The Prayer Principle
By Peter Amsterdam, adapted
“Jesus was praying in a certain place, and when He finished, one of His disciples said to Him, ‘Lord, teach us to pray.’” (Luke 11:1 ESV)
Prayer was an integral part of Jesus’ life and ministry. There are numerous references throughout the Gospels of Jesus praying. He taught His disciples to pray, they saw Him pray, they heard Him pray for them, and He gave counsel about praying. Before many of the major events, miracles, and decisions in Jesus’ life, and right up until the time of His death, Jesus spent time in prayer. The fact that Jesus made a point to pray and to teach His disciples about prayer indicates that it is an important part of discipleship.
Taking time alone in prayer was a regular occurrence in Jesus’ life. He took time away from the crowds, and sometimes from His closest followers, to pray. (See Luke 5:15–16; Mark 1:35–37) He also prayed in His disciples’ presence.
Seeing Jesus’ example of prayer had a definite impact on the disciples, as evidenced throughout the book of Acts, which often speaks of them praying. Jesus also gave His disciples instructions on how to pray. He said, “In this manner, therefore, pray: ‘Our Father in heaven, hallowed be Your name. Your kingdom come. Your will be done on earth as it is in heaven. Give us this day our daily bread. And forgive us our debts, as we forgive our debtors. And do not lead us into temptation, but deliver us from the evil one.’” (Matthew 6:9–13)
He also taught His disciples how not to pray: “When you pray, do not be like the hypocrites, for they love to pray standing in the synagogues and on the street corners to be seen by others. Truly I tell you, they have received their reward in full. But when you pray, go into your room, close the door and pray to your Father, who is unseen. Then your Father, who sees what is done in secret, will reward you. And when you pray, do not keep on babbling like pagans, for they think they will be heard because of their many words. Do not be like them, for your Father knows what you need before you ask him.” (Matthew 6:5–8 NIV)
Jesus taught about being persistent in prayer, as the Gospel of Luke recounts: “Jesus told his disciples a story to show that they should always pray and never give up.” (Luke 18:1 NLT)
He also taught the power of prayer, that prayer gets answered, and that prayers should be prayed in faith and confidence—knowing that God is all-powerful and that nothing is beyond His capability to answer and do. In the book of Matthew, He said, “If you have faith and don’t doubt, you can do things like this and much more. You can even say to this mountain, ‘May you be lifted up and thrown into the sea,’ and it will happen. You can pray for anything, and if you have faith, you will receive it.” (Matthew 21:21–22 NLT)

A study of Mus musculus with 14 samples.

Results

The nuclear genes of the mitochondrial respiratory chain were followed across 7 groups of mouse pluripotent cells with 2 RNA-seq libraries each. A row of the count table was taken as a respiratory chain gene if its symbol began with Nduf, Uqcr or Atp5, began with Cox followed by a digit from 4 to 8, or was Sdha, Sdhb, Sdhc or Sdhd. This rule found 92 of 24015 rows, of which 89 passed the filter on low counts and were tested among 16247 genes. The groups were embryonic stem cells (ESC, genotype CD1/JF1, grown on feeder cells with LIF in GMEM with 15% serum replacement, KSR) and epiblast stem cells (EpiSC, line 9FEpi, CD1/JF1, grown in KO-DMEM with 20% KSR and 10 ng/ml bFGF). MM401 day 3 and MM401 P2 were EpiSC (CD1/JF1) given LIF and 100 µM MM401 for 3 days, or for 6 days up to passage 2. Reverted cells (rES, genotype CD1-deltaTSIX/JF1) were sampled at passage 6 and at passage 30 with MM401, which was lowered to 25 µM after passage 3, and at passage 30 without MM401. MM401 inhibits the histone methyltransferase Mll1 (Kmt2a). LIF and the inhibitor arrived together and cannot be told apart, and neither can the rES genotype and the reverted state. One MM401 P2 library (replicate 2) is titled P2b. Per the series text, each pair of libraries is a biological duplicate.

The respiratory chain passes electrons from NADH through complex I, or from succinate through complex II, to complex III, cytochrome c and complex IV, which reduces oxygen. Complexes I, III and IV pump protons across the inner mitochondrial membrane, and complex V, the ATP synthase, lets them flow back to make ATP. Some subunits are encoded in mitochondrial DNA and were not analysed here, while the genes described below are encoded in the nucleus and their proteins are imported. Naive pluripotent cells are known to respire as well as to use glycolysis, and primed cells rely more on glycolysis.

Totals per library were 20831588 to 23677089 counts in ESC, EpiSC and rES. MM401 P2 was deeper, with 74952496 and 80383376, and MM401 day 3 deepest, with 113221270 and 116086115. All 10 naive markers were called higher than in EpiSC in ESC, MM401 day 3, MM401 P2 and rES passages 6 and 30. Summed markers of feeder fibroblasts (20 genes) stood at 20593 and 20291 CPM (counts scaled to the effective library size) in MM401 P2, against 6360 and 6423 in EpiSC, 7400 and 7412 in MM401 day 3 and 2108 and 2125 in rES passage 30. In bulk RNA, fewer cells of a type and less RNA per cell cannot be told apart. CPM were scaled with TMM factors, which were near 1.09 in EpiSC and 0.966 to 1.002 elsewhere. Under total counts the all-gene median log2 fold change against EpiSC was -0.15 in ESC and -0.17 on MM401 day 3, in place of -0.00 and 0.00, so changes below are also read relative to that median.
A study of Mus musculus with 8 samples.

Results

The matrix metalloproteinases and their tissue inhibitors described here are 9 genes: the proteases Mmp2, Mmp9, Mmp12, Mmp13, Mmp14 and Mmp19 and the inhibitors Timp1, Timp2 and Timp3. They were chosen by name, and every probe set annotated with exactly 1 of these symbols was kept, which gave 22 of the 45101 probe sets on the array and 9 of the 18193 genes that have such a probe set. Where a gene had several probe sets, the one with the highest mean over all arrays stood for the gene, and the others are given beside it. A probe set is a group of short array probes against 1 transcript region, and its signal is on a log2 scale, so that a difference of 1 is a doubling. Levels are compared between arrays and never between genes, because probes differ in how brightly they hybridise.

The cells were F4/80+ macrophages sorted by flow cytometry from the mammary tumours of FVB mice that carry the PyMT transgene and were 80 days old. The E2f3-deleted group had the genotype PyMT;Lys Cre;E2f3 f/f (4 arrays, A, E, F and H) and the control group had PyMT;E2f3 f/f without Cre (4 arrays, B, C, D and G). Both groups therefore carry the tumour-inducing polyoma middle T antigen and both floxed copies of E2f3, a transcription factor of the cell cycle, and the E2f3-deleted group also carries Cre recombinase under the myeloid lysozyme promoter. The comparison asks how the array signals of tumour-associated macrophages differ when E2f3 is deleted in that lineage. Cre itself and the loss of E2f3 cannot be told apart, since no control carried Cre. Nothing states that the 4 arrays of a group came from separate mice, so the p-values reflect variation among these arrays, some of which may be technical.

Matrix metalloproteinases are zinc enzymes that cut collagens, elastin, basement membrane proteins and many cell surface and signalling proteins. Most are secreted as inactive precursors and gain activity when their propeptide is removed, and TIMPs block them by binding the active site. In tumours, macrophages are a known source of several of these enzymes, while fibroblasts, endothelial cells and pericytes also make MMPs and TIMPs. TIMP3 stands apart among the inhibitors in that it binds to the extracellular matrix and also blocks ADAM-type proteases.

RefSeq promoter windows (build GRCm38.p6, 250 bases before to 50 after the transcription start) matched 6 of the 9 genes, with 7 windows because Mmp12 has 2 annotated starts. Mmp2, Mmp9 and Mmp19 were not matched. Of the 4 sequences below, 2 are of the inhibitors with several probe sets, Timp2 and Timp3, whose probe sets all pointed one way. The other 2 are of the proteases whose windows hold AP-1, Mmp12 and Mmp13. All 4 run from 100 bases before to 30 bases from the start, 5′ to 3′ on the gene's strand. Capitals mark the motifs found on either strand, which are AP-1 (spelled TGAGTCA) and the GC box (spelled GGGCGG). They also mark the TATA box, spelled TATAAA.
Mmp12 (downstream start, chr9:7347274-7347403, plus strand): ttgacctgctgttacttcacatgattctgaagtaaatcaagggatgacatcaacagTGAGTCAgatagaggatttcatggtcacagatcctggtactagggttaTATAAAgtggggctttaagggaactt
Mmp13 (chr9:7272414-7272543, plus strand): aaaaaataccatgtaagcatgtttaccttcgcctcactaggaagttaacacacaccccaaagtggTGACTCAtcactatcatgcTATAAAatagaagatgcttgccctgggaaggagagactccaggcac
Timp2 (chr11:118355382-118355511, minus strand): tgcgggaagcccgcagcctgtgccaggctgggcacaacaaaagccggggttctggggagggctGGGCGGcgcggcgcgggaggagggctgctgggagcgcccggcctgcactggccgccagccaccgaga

He exhorted His disciples to watch and to pray against falling into temptation and sin. “Watch and pray, lest you enter into temptation.” (Mark 14:38)
Jesus also prayed for others, as Matthew recounts in his Gospel: “One day some parents brought their children to Jesus so he could lay his hands on them and pray for them. But the disciples scolded the parents for bothering him. But Jesus said, ‘Let the children come to me. Don’t stop them! For the Kingdom of Heaven belongs to those who are like these children.’ And he placed his hands on their heads and blessed them before he left.” (Matthew 19:13–15 NLT)
As shown by the accounts of His praying before His arrest, Jesus prayed desperately. The Gospel of Luke tells us: “He withdrew from them about a stone’s throw, knelt down, and prayed. He said, ‘Father, if it’s your will, take this cup of suffering away from me. However, not my will but your will must be done.’ He was in anguish and prayed even more earnestly. His sweat became like drops of blood falling on the ground.” (Luke 22:41–42,44 CEB)
Prayer is important in our lives; it’s part of our communication with God. Prayer is a means of communicating with God, of abiding in Him. It’s a means of connecting to His power. It’s a means of loving and helping others as we pray for them. It’s a means of guarding our spiritual life and health. It makes a difference in the lives of others as we pray for them. It gives us the opportunity to humble ourselves before God, as we implore His help and when we ask Him for forgiveness.